An Overview of Our Four Site Visits in Kenya
The United Nations Convention on the Rights of the Child is a human rights treaty, which outlines the civil, political, social, medical, and cultural rights of each child around the world. The treaty focuses on what is best for children. Children have the right to survival; to be protected from abuse or exploitation. Children have the right to a quality education; encouraged to go to school to the highest level possible. Children have the right to food, clothing, a safe place to live; to have one's basic needs met. No matter the distinct identity of each of the four sites that Necessary Arts had the opportunity to visit during this trip, each one does their best to meet the Rights of the Child.
The children of Pipeline are either "orphans" in the truest sense of the word or "economic orphans"; those whose parents cannot afford to take care of them, so the church community stepped in. The girls of Kajiado are "rescued orphans" from the Masai tribes to prevent female genital mutilation (FGM) and early childhood marriage. The children of Waithaka are "daytime orphans" who need a safe place to grow and learn, though returning to either the street or home each night, depending upon their stage of development. The girls of Lamu are enrolled in a traditional Kenyan educational program where they board at the school, but have families to return to during the holidays.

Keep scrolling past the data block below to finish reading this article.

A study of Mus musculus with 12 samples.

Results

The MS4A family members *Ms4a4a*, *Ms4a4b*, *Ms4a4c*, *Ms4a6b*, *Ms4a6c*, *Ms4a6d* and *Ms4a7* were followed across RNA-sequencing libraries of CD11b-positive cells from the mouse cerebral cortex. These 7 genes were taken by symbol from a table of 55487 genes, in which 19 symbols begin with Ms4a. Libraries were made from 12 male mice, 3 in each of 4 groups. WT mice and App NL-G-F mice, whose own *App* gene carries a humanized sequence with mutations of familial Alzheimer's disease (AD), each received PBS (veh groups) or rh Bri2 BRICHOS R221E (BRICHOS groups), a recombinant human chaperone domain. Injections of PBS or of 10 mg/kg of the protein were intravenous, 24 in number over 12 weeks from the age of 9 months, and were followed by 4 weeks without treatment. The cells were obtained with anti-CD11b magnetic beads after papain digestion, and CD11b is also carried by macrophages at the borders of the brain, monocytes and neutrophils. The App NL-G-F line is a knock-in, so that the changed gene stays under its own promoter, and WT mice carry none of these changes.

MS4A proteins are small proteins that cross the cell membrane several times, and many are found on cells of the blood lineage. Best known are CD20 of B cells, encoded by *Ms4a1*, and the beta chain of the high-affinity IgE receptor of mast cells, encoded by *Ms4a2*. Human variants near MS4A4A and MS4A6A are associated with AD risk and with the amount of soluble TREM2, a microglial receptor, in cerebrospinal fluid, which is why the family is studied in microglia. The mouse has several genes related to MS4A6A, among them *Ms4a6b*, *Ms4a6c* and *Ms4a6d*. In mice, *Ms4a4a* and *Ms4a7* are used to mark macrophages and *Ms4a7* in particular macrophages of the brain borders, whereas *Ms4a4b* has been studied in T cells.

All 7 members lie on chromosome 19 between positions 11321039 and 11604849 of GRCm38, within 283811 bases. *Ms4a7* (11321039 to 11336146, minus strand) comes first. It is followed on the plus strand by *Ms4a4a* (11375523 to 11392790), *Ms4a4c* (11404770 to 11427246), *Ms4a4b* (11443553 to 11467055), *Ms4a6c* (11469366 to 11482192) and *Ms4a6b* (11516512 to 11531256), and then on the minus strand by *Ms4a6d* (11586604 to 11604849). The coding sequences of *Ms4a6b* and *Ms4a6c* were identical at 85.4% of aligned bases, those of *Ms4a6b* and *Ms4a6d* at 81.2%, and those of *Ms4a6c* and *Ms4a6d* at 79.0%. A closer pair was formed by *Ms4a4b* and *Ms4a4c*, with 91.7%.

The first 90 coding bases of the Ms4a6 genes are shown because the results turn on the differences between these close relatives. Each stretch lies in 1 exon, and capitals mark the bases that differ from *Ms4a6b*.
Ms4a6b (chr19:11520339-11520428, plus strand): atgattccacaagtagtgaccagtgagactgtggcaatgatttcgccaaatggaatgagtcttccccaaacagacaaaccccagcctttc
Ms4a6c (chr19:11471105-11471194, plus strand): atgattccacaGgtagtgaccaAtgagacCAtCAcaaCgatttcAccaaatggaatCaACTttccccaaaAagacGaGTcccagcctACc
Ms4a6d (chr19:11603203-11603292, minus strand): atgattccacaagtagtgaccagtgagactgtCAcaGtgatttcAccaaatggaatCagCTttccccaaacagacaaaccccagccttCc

All four sites have reached unique populations of children who might seem by some to be the unreachable. Rather than focusing on any negative plights that have brought the children to this point in their lives, it is important to focus on how to move forward, to empower, to educate. Our social behaviors enable us to embrace the differences of the world, which thereby promotes peace, freedom, and justice for all mankind. Necessary Arts is honored to be a part of this process of developing global citizens.